Managing Early Childhood Mental Health

What does it look like and how can you support your child during every season?

 What is early childhood mental health?

Children are constantly developing. Their brains are taking in an immense amount of information during their early years of life. Children’s environments, social interactions, and discoveries are shaping their development each day. Because their brains are constantly developing, they respond differently than adults to stressful situations. Helping your child cope and supporting them through tough times is important to maintaining healthy brain development.

How can you support your child’s mental health?

There are two big ways to support positive mental health in your child’s early years. One is through creating an environment conducive to learning and developing. The other is by providing positive interactions as they explore that environment. It’s important to ensure they’re given opportunities for open-ended exploration, problem-solving, and fun! Encourage them and offer positive feedback along the way.

Structure their learning environment to include:

  • Easy access to open-ended play materials (ex: art supplies, blocks, books, etc.)
  • Space for independent play
  • Space for calm-down activities or quiet play

As they explore and discover, encourage them with phrases such as:

  •  “This area looks so beautiful since you put your toys back in the basket.”
  • “Wow! Look at how hard you worked to build that tower.”
  • “I love the way you kept trying to put that puzzle piece in the puzzle, you didn’t give up!”

 Being present, engaging, and encouraging are key components to ensuring your child’s mental health remains positive and sets them up for a successful future.

What does it look like when a child is stressed or has a disruption in their mental health?

First, pay attention to their behavior. Signs of stress may not be readily apparent because a child’s ability to verbalize their feelings varies. The signs of stress can appear for a brief period or last for longer periods. You may observe any number of the following changes:

  • Changes in eating, sleeping, or bathroom habits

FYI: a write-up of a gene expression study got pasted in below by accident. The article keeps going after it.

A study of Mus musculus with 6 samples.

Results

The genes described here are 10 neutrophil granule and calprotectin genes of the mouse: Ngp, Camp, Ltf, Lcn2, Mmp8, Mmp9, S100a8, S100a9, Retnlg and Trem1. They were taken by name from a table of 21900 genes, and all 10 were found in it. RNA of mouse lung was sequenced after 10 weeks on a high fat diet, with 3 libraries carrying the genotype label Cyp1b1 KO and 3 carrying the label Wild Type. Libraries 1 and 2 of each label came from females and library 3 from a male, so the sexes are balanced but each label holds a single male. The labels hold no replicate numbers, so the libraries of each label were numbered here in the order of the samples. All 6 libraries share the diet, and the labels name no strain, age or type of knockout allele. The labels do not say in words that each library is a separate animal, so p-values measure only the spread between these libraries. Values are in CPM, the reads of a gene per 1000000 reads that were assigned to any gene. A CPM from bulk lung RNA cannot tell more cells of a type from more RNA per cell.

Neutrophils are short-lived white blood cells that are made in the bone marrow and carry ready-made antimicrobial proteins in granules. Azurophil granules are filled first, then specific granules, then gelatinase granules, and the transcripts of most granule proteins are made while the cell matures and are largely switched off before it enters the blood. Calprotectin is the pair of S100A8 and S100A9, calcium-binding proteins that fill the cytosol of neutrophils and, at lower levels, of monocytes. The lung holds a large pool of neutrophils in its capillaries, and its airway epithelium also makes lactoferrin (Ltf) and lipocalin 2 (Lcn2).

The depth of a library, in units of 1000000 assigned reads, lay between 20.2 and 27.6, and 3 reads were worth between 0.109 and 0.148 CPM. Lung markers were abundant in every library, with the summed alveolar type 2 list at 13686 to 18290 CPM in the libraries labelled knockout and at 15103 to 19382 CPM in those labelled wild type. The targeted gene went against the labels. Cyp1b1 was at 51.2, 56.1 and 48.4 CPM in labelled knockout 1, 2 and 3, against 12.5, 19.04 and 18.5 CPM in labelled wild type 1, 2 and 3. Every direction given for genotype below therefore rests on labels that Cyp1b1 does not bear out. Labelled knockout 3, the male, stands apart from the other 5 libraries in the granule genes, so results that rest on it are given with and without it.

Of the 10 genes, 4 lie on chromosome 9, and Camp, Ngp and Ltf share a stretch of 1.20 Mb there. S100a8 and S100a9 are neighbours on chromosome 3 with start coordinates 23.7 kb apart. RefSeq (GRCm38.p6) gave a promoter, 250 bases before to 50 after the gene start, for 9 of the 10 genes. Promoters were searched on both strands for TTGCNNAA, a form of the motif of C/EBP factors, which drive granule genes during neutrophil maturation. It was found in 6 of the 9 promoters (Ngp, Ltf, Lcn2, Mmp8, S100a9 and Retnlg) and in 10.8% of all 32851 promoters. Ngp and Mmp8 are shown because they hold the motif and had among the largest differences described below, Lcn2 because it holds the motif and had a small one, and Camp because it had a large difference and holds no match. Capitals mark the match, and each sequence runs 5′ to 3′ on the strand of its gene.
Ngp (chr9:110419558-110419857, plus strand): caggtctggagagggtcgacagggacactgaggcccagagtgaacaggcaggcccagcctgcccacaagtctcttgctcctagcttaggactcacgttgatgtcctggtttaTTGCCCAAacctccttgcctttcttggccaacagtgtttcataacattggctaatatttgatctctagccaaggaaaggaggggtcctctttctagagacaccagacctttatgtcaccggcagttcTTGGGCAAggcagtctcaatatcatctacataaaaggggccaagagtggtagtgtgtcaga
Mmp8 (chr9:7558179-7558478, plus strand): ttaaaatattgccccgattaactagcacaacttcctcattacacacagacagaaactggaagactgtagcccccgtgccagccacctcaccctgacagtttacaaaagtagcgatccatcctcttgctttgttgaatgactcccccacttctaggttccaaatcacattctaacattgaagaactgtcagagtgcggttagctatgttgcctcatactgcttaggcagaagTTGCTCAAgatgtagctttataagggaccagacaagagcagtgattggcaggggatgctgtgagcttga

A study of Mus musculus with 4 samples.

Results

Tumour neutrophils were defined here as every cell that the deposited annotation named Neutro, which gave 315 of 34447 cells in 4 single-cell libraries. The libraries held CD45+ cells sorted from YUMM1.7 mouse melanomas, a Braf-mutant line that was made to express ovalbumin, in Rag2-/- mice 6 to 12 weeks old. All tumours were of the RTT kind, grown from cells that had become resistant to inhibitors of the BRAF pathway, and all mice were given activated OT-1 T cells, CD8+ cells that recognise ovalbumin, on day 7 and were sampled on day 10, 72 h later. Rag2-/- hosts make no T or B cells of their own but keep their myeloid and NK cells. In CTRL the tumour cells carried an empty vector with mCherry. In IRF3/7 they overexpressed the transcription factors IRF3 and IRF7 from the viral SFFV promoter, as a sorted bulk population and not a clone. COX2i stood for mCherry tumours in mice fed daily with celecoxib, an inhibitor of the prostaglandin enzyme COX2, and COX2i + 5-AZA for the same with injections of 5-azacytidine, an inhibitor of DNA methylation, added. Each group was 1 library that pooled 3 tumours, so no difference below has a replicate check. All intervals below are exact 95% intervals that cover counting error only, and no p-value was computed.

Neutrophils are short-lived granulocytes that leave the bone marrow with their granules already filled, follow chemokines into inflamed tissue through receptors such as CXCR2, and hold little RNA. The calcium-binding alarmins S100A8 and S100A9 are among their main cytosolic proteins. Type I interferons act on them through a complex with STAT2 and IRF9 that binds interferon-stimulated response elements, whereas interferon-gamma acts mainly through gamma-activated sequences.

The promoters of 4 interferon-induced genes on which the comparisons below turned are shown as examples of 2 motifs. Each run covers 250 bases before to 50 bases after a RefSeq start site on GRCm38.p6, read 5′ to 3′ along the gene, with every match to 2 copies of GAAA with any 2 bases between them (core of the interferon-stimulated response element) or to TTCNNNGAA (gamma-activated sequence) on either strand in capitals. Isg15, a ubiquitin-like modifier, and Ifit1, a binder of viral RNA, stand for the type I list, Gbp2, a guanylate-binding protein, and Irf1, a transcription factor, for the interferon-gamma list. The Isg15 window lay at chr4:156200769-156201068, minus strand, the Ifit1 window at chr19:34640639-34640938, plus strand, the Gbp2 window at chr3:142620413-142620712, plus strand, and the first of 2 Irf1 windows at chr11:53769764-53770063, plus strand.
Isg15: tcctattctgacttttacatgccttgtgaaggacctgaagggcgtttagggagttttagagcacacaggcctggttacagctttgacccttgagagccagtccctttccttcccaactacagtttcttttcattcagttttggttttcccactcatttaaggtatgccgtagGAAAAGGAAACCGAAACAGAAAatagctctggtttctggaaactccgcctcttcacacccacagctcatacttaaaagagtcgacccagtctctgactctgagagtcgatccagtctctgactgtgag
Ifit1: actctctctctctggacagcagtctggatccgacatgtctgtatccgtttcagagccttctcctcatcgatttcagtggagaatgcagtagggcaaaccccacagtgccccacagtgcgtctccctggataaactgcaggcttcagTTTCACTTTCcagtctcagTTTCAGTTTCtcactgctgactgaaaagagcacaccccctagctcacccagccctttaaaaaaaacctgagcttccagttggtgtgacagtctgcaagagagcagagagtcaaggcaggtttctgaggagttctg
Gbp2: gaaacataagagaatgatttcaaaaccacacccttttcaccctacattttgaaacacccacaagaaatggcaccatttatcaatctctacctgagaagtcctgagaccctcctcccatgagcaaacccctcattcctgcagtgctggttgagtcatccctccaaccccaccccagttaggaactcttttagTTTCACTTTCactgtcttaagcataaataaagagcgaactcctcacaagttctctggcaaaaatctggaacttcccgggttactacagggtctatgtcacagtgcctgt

• Increased separation anxiety from parents or teachers
  • Bad dreams or crying spells
  • Nail-biting, thumb-sucking, or hair-pulling
  • Feeling sick (ex: headaches or upset stomach)
  • Chewing on clothing or other items
  • Wanting to be alone or withdrawn from others
  • Increased aggressive behavior or acting out
  • Pretend play themes may be related to the current situation

What can you do to support your child during a stressful situation?

Now that we know what to look out for, you can support children by sharing and teaching them ways to cope with stress, such as:

  • Encourage children to express their feelings. Allow them to feel and be in whatever mood they wish. Let them know it is okay to feel the way they do. Allow for quiet alone time.
  • Try to lower expectations and avoid putting children under too much pressure.
  • Offer children proper nutrition and plenty of rest. Engage in relaxation exercises and mindfulness practices such as breathing, stretching, or listening to soothing music to ease tension.
  • Use books as a way for children to see characters in stressful situations and learn to cope.
  • Avoid “busy” schedules but try to be consistent and maintain your daily routines. Children feel safe and secure when their normal routines remain the same.
  • Encourage drawing and writing. Children will be able to express their feelings through journaling or drawing pictures. Encourage children to add faces that express them being “happy, sad, or worried, etc.”
  • Encourage movement, dancing, and physical exercises. Impromptu dance parties are a great way to get moving! Physical activity decreases stress.
  • Encourage puppet play. Children will be able to create a reality they can control and recreate stressful events in such a way they can manage.

 Mental health in early childhood can set the stage for children’s lives in the future. Equipping yourself and your children with ways to manage stress will help prepare them to navigate the early years and beyond with confidence.